A decision on the role of the Alberta Utilities Commission (AUC) in approving the Heartland transmission project still has not been issued, despite the passage of more than seven weeks since a three-judge panel of the Alberta Court of Appeal heard arguments from both sides (Case No. 1103-0304AC).
The panel of Justices Marina Paperny, Frans Slatter, and C.S. Brooker on Oct. 12 heard arguments about whether the AUC should have conducted a needs assessment before approving the route for the Heartland transmission project last November. After hearing the arguments, the justices have “reserved their decision” on the matter, meaning that a decision will be issued at an undetermined future date.
As of Dec. 3, there was no estimate when the decision might be made, a court clerk told TransmissionHub. A spokesperson for the AUC told TransmissionHub the commission had no advance knowledge of when a decision might be forthcoming.
A review of recent judgments issued by the court provided little guidance. Many judgments in cases where the justices deemed the law to be clear-cut have been issued within days of the hearing, while other decisions were delayed for several weeks.
The dispute over the Heartland project centered on the interpretation of Bill 50, a measure passed in 2009 by the Legislative Assembly of Alberta under Premier Ed Stelmach that declared the Heartland project, the Eastern Alberta Transmission Line (EATL) and the Western Alberta Transmission Line (WATL), and two other projects “critical transmission infrastructure” (CTI).
Based on its reading of a provision of Bill 50, the AUC restricted its examination to the proposed route before granting its approval of the project last year, concluding that the need had been determined by the legislature. Opponents argued that decision was made in error and that, as with other projects, the AUC should have performed a needs assessment before moving to route selection and approval.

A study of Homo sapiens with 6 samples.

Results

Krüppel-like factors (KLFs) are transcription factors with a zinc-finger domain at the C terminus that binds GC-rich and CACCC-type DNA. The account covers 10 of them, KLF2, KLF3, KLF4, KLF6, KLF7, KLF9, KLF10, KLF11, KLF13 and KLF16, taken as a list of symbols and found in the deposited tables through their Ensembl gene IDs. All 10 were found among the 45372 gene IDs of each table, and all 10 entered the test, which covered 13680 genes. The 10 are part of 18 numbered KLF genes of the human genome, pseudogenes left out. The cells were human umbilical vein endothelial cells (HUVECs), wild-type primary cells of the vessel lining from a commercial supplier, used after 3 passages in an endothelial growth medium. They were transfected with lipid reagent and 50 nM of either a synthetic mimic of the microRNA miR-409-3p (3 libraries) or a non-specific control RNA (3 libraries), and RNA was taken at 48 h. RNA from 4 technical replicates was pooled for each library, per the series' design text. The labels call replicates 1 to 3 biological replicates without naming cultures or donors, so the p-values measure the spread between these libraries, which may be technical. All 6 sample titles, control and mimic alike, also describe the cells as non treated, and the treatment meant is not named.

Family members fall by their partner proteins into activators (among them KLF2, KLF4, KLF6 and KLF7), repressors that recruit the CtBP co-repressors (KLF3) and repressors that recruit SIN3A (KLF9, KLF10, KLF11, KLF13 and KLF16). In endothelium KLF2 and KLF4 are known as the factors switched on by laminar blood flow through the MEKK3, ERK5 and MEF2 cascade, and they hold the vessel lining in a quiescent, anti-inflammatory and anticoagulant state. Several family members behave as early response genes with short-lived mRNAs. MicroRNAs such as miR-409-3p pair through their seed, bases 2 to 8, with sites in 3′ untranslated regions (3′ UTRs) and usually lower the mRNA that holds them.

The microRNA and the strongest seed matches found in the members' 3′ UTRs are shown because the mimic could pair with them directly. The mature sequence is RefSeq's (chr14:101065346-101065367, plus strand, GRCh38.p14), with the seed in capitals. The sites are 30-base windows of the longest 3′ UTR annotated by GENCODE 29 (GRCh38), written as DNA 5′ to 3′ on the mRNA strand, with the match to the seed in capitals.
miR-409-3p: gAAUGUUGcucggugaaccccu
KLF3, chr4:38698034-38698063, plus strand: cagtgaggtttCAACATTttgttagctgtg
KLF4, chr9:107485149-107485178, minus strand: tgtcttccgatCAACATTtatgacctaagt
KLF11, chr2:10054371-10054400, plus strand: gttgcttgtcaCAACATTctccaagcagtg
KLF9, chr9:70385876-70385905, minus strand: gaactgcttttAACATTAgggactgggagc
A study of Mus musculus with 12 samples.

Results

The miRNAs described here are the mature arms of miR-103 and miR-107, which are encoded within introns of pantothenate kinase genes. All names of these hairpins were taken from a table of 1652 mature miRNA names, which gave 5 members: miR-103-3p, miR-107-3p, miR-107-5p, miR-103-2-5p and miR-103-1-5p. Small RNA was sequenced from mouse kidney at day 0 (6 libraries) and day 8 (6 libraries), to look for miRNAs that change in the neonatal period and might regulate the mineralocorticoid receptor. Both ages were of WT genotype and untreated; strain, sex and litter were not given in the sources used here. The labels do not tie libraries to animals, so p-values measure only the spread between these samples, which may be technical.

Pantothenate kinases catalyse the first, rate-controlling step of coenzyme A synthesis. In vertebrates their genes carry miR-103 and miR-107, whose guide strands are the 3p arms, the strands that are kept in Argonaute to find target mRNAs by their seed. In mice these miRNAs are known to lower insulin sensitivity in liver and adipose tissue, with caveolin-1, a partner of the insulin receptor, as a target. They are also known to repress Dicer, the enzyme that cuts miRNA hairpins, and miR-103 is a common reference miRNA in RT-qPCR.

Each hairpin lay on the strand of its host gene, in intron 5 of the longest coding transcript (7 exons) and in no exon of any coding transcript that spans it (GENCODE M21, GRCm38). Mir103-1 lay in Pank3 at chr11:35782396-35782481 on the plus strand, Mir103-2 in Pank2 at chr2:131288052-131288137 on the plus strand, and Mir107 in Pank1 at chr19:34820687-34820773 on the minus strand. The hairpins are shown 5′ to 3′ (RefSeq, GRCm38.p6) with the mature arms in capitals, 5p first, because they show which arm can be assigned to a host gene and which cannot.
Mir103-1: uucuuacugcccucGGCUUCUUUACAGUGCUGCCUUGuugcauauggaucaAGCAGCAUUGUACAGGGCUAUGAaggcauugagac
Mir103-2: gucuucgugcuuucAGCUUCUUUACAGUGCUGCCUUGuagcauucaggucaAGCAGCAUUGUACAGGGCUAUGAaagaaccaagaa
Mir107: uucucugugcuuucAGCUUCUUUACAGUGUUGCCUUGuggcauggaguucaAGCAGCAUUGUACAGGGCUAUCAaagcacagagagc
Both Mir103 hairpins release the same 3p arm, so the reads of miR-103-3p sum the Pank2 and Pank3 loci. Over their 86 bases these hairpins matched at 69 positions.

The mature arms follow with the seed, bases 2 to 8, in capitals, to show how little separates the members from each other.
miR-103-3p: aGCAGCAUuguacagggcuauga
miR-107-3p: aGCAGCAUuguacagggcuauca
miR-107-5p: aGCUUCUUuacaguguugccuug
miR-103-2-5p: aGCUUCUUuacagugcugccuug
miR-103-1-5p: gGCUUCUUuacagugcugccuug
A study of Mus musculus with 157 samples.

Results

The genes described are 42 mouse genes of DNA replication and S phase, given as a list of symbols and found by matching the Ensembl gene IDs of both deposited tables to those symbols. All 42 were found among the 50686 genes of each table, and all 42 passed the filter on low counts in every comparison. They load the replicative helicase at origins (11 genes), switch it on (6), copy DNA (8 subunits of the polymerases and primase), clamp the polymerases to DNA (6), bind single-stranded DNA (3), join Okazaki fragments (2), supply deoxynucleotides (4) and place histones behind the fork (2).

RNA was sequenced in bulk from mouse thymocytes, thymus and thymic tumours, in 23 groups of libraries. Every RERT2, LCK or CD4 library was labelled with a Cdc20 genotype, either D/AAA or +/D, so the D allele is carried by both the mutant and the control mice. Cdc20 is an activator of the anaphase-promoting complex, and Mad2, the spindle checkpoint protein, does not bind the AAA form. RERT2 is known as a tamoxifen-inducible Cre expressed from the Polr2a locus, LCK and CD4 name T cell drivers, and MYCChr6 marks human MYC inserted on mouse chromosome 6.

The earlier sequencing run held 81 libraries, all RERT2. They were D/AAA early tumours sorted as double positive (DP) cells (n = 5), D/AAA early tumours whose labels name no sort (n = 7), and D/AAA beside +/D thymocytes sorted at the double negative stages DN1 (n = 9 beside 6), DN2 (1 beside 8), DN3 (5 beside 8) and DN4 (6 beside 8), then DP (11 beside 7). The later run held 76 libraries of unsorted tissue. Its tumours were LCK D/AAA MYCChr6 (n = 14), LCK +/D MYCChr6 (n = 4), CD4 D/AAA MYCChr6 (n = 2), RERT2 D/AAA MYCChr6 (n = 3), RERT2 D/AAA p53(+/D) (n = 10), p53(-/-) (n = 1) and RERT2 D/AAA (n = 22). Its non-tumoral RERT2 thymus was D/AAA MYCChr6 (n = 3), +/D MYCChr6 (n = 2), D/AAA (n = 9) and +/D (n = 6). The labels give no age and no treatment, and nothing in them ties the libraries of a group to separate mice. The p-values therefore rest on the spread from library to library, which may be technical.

During arguments before the Court of Appeal, Heartland project proponents AltaLink and Epcor agreed that the AUC was correct in its determination of its authority and responsibility.
In his March 28 decision granting permission to file an appeal, Justice Ronald Berger agreed the issue merited the attention of, and a decision from, the court. The court’s determination will not be known until its decision is issued.
A decision on the Heartland line will likely have implications for the EATL and the WATL as well as two other projects declared CTI by Bill 50. However, it appears likely that the need for other future projects will once again be determined by the AUC.
On Oct. 23, the provincial government introduced Bill 8, the Electric Utilities Amendment Act 2012, which would essentially repeal Bill 50.
Bill 8 was introduced in response to a report issued in February 2012 by the Critical Transmission Review Committee. In that report, the committee noted that “the economy and the demands on the system” have changed since Bill 50 was passed, that it was no longer needed, and should be repealed.
According to TransmissionHub data, the Heartland line is a proposed C$610m (US$613m), double circuit 500-kV project that will connect the Heartland region northeast of Fort Saskatchewan, Alta., to existing 500-kV transmission facilities west of Edmonton.